This story was updated at 4:30 p.m. EST.
A single tweet Thursday opened a gusher for oil prices Friday, as rumors of cooperation amongst oil producers spurred optimism amongst traders. The price of West Texas Intermediate crude settled up nearly 11 percent, rising $2.87 to $20.08, on a day that saw the largest price gains in oil since 2009.
The move reverses part of the steep declines in oil that have taken place since the start of the week. Domestic crude hit a low point of $26.05 Thursday, a price not seen since 2003.
Traders were hopeful to see renewed efforts at cooperation amongst nations in the Organization of the Petroleum Exporting Countries, or OPEC, after a Wall Street Journal reporter quoted the United Arab Emirates energy minister Suhail Al Mazroui saying that OPEC was "ready to cooperate" with exporters over output reductions.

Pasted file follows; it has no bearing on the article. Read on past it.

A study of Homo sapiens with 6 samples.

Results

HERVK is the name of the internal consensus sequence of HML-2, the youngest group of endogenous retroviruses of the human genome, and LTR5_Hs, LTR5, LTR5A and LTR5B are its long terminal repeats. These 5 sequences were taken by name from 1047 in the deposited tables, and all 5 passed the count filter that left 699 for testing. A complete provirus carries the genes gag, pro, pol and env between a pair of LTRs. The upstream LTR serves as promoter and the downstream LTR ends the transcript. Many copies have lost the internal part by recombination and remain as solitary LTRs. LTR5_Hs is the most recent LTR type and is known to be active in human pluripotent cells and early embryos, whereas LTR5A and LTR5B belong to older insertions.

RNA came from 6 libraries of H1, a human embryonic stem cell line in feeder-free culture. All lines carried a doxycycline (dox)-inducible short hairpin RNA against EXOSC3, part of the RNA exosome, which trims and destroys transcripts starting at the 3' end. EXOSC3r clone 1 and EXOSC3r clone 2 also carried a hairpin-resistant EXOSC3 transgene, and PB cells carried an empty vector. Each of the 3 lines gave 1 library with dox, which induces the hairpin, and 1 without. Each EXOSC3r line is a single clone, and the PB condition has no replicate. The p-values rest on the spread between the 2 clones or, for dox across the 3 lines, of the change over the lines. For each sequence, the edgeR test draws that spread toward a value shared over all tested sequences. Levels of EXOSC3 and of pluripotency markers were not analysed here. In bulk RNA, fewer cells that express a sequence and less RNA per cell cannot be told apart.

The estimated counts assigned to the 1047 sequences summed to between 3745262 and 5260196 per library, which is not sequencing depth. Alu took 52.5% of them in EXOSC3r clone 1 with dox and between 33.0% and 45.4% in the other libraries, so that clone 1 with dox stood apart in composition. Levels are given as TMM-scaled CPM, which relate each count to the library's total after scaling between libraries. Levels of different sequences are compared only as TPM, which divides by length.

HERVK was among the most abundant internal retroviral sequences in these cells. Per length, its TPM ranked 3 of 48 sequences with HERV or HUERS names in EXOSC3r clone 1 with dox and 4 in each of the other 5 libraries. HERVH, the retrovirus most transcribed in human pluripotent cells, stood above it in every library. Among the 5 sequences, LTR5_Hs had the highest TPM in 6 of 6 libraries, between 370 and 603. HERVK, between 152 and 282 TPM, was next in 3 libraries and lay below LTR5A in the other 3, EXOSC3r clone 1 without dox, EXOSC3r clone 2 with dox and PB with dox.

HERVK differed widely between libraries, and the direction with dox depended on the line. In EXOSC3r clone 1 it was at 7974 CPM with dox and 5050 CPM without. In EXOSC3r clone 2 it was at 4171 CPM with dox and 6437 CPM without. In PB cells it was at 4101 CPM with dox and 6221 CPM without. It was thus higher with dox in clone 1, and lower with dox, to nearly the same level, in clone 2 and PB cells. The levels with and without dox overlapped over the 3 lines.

OPEC is ready to cooperate on a cut, but current prices are already forcing non-opec producers to at least cap output, says UAE Energy min
— Summer Said (@summer_said) February 11, 2016
Previous whispers of progress in OPEC talks, such as Russia's contention that supply cuts had been agreed upon, have not borne fruit. Still, oil-producing nations like Saudi Arabia and Venezuela have been conducting emergency meetings to stem the glut of oil that has helped crater crude prices the world over.
Oil producers have been hard hit by the sustained slump in energy prices, which stemmed in part from the surge in U.S. shale oil drilling over the past decade. Saudi Arabia posted a $98 billion deficit in 2015 and projected further deficits in 2016, along with deep budget cuts.
Still, analysts expect the downturn in energy prices to continue for some time, with supply exceeding demand by some 1.7 million barrels a day. Slowing growth in China and emerging market economies threaten to further depress the demand side of the equation. On Monday, Cullen/Frost Bankers CEO Dick Evans told CNBC that oil would likely not rise above $40 until beyond 2020.